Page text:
Obituary: Betty Sandars

There was such a sweetness and modesty about Betty Sandars, and she was so very much loved, that it is hard now to distinguish her from that amazingly beautiful house and wonderland of garden with which she was so closely identified. She lived with her sister Nancy until her death at the age of 88, in the house renamed by her parents the Manor House at Little Tew, in Oxfordshire, which was once the village bakery. Her father was a county councillor of the generation of honest and capable paternalists produced only by the Victorian age.

About Betty's early life we have only crumbs of information, but it is important that her twin, Hugh, died around their eighth birthday. There was a schoolroom, but she learnt French and dancing from tutors shared between country houses: a lot of bicycling was necessary. She grew up scholarly, and devoted herself to completing a multi-volume work on the lives of the Marshals of France under Napoleon, left unfinished by a favourite uncle. When she had finished that she happily retired to country life and gardening. A walk around her garden was always conducted like a visit to old friends, flower by flower.

When I first met the two sisters 35 years ago at an attic flat in Oxford I was set the puzzle of guessing, by a peep from the window as they arrived, which was the famous archaeologist and which one made jam, but I could not tell. In some ways they turned out on close acquaintance to be very different, but in another way sufficiently deep, that they seemed one flame from two candles or one fruit from two branches, like sisters in Shakespeare.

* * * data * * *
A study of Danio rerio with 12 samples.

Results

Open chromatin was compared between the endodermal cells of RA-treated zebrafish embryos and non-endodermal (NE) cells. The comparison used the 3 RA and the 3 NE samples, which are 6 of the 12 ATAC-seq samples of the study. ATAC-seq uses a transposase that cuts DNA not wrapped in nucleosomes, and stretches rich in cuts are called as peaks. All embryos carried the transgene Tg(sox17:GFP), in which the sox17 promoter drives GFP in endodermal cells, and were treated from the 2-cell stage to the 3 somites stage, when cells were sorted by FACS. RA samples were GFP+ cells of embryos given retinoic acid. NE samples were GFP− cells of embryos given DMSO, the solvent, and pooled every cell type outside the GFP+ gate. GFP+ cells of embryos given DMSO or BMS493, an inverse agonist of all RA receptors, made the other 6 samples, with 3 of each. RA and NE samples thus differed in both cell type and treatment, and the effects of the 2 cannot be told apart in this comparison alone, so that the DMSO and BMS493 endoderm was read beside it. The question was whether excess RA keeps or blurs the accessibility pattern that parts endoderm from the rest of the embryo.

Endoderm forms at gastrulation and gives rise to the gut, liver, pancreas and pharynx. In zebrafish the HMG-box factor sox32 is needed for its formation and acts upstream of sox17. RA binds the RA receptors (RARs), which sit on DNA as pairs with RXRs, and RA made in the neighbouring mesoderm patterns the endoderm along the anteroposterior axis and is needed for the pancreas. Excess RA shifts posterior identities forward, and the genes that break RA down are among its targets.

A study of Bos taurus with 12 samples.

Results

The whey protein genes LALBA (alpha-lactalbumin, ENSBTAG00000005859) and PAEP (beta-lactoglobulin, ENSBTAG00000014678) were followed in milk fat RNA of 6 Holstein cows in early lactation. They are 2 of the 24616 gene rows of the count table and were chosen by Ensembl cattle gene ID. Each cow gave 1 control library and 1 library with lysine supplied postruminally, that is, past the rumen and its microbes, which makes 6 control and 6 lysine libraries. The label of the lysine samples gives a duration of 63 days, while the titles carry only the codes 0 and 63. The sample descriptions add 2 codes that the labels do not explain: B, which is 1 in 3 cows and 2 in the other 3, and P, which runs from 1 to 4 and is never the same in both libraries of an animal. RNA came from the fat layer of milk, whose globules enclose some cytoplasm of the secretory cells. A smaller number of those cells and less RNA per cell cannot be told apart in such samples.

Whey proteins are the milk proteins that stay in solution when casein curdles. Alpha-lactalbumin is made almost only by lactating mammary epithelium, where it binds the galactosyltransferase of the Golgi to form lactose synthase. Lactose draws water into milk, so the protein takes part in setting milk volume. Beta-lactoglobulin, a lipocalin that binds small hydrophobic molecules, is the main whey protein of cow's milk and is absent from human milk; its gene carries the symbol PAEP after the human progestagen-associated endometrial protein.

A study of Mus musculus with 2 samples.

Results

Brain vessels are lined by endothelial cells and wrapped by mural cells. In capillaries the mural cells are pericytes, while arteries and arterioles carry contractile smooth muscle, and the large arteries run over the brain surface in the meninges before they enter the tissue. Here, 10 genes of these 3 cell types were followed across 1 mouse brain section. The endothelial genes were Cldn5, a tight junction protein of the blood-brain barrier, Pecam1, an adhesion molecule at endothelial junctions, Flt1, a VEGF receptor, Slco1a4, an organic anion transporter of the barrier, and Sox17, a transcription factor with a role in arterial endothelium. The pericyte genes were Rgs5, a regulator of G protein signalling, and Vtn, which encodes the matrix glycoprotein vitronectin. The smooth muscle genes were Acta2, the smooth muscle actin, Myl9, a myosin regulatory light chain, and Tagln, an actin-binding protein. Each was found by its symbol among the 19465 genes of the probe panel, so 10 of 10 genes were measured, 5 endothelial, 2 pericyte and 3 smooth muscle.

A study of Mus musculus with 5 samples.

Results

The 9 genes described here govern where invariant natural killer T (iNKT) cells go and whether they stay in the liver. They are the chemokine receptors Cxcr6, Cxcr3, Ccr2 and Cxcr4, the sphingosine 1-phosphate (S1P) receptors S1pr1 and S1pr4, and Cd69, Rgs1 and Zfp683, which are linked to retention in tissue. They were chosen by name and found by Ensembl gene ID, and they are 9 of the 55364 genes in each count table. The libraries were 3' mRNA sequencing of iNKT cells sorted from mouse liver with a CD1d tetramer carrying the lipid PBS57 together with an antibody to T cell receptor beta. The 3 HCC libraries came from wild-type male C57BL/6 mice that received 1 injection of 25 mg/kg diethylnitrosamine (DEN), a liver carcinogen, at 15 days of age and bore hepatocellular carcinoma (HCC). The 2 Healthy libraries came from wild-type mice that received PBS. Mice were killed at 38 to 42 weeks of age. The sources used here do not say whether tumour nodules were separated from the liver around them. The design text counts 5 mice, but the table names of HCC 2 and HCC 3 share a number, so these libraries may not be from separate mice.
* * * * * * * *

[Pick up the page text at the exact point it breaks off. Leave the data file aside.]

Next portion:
Betty was simply and seriously religious; if no vicar was available she would all but take the services herself. She was an assiduous cleaner and tidier and collector-up of hymnbooks, and yet the least assertive of human beings and the least like the conventional church mouse. It is amazing how utterly unconventional she was without ever disturbing the surface of the water.

She hated the day when after 60 or 70 years she had to start locking her front door because a thief had called. She could not ever really enjoy long journeys overseas, though she was wildly adventurous about obscure railway lines and remote country hotels in England. It seemed that she very greatly enjoyed her life. She drank rather little but she knew the quality of every glass, and cheerfully ate what was in season. She was devoted to the festivals of the year, and to things like a curious sphere of greenery in which she nourished an advent candle. She was on intimate terms with the birds in her garden, who would come to her plate when she ate out of doors, as she did at every opportunity.

The amount she knew and the range of her interests were impressive but not in the least intimidating: you felt that the conversation had been continuous for many years, and that its roots were in a country house somewhere in the Irish provinces in the 1840s. The two sisters read aloud to one another for most of their lives. They entertained warmly and endlessly and read as Odysseus sailed.

Every blessing including human love seemed to be showered on Betty Sandars: she was an icon of happiness.

Peter Levi

Elizabeth Alys Sandars: born Little Tew, Oxfordshire 15 April 1907; died Banbury 16 July 1995.